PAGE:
More cutting is under way at United, with another 1,000 salaried positions slated to go before the end of 2007. Nor has United's financial performance met Wall Street's expectations. United stock climbed as high as $43 a share on March 22, but has since traded at less than $30 a share.
Post-bankruptcy US Airways began trading at $21.05 in September. Its value has more than doubled, with the stock trading at about $50 a share in recent weeks.
Merrill Lynch analyst Michael Linenberg downgraded US Airways recently, from "buy" to "neutral." Record fuel prices were the primary concern listed by Linenberg, who noted that "industry fundamentals have not been this good in years."
In many cities, the rejuvenated US Airways has benefited from the collapse of Independence Air, a Washington, D.C.-based carrier that stopped flying after entering bankruptcy last year.
"That's been a key element for them," said Helane Becker, aviation analyst with the Benchmark Co.
"We think they made a lot of money in the quarter that just ended," she said. "I think they've become one of the largest low-cost carriers."
America West was one of the first airlines founded after industry deregulation. The airline grew rapidly, but continued losses and the rise of fuel prices related to the Gulf War forced it into bankruptcy in 1991. It emerged three years later, with a smaller fleet and fewer employees.
A rocky history
US Airways traces its roots to Allegheny Airlines, a Pittsburgh-based carrier in the 1950s. It merged with several carriers during its history, including Lake Central Airlines in the 1960s and Mohawk Airlines in the '70s. In 1979, it adopted the USAir name.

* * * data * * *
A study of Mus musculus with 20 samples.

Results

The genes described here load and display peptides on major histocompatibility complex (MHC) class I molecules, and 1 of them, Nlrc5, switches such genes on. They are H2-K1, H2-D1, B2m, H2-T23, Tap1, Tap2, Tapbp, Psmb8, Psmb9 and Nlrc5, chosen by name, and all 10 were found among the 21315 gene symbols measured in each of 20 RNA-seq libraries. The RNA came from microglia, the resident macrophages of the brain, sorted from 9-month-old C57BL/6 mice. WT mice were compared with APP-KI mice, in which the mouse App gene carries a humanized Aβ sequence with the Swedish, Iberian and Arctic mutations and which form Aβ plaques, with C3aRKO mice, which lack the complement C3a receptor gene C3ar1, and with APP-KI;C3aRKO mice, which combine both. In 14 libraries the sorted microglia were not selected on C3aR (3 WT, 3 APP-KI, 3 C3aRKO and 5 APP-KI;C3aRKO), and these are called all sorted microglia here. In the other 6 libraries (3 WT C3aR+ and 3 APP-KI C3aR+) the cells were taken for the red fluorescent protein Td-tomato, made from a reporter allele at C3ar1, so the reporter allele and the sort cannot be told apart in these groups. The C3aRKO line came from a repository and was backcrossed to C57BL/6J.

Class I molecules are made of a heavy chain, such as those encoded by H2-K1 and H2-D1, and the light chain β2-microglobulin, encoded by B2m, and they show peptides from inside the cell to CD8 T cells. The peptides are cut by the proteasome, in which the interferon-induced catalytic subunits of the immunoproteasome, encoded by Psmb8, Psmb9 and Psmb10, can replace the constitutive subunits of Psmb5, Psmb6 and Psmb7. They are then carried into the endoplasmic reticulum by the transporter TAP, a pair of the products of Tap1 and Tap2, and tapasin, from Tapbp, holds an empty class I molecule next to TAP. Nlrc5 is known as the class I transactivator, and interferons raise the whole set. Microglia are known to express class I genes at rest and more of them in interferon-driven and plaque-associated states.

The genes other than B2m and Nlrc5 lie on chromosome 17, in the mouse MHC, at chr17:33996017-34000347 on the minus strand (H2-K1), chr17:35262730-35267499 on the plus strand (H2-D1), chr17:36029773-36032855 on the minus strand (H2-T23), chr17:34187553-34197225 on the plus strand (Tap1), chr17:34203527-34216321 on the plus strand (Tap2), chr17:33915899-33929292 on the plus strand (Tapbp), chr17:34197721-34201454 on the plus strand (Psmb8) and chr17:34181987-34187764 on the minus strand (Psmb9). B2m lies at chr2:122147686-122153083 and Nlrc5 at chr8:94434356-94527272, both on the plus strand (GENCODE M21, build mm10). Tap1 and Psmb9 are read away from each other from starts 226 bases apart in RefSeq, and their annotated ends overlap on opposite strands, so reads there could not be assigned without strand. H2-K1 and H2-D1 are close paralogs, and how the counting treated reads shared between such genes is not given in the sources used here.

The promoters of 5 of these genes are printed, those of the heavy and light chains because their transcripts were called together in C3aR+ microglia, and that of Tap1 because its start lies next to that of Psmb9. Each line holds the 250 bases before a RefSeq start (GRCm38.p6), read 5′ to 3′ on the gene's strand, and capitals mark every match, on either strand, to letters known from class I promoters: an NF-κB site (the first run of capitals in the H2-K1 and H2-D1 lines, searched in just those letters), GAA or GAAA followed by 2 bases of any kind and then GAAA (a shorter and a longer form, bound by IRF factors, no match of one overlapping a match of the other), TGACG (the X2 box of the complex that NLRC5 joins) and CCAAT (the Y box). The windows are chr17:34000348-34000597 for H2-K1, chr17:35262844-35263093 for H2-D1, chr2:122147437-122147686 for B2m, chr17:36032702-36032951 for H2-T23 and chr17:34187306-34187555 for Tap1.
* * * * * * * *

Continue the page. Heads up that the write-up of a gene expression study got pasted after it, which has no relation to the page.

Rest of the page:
In the 1980s it merged with Pacific Southwest Airlines and Piedmont Airlines, and in 1996 changed its name to US Airways.
Citing financial challenges, the airline announced plans to be absorbed by United Airlines in 2000, an effort abandoned a year later when federal approval for the deal appeared unlikely. Financial problems for US Airways worsened following the terrorist attacks in 2001. The carrier entered bankruptcy in 2002 and again in 2004.
The deal with America West began to take shape in the summer of 2005. At the time, America West was losing money, but Parker had a plan that he argued would strengthen both airlines.
"It was a way of rationalizing the system for both of them," said airline analyst John Pincavage. "America West was already strong in the West. US Airways had Charlotte and Philly hubs. They were able to take the different parts and build on their strengths in different sections of the country.
"They could take the low costs US Airways had to achieve in bankruptcy and add them to America West. It gives them a decent chance for doing very well."
US Airways also has benefited from its willingness to adopt some elements of the low-cost-carrier template and abandon others. Unlike discount airline leader Southwest Airlines, US Airways has first-class cabins, a fleet with multiple aircraft types, international service and an emphasis on a hub airport system.
"Being a low-cost carrier is not as simple as being the same as Southwest Airlines," said Scott Kirby, executive vice president of sales and marketing,
For example, having a single fleet type, as Southwest does with the Boeing 737, would save about $10 million a year but cost millions more in lost revenue opportunities, he said.
"Multiple fleet types are a big cost when you're a small carrier, but when you've got 50 or 60 aircraft, there are really no economies of scale to be gained," Kirby said.
Similarly, having first-class seating increases costs about 5 percent annually, but that is offset by customer demand for such service, he said.
"We get a revenue premium for that first-class product," Kirby said.
Where the comparison to a discount carrier is more apt is in labor costs. Wage scales rank with those of other discount carriers. US Airways ended its pension plan while in bankruptcy.
Union workers, particularly those at US Airways, gave up millions of dollars in concessions during bankruptcy. Workers at US Airways watched as their jobs were cut and outsourced. Those that remained went through three rounds of pay and benefit reductions.
"We participated in the worst of times, and we expect to equally participate in the best of times," Capt. Jack Stephan, of US Airways' pilots union, said recently.
A year ago, as US Airways slid into its second bankruptcy, pundits predicted death. Against long odds, Charlotte's dominant carrier found a way.
Talk of more mergers in the U.S. airline industry is heating up again as the major carriers recover from five years of extreme pain and more than $30 billion in losses.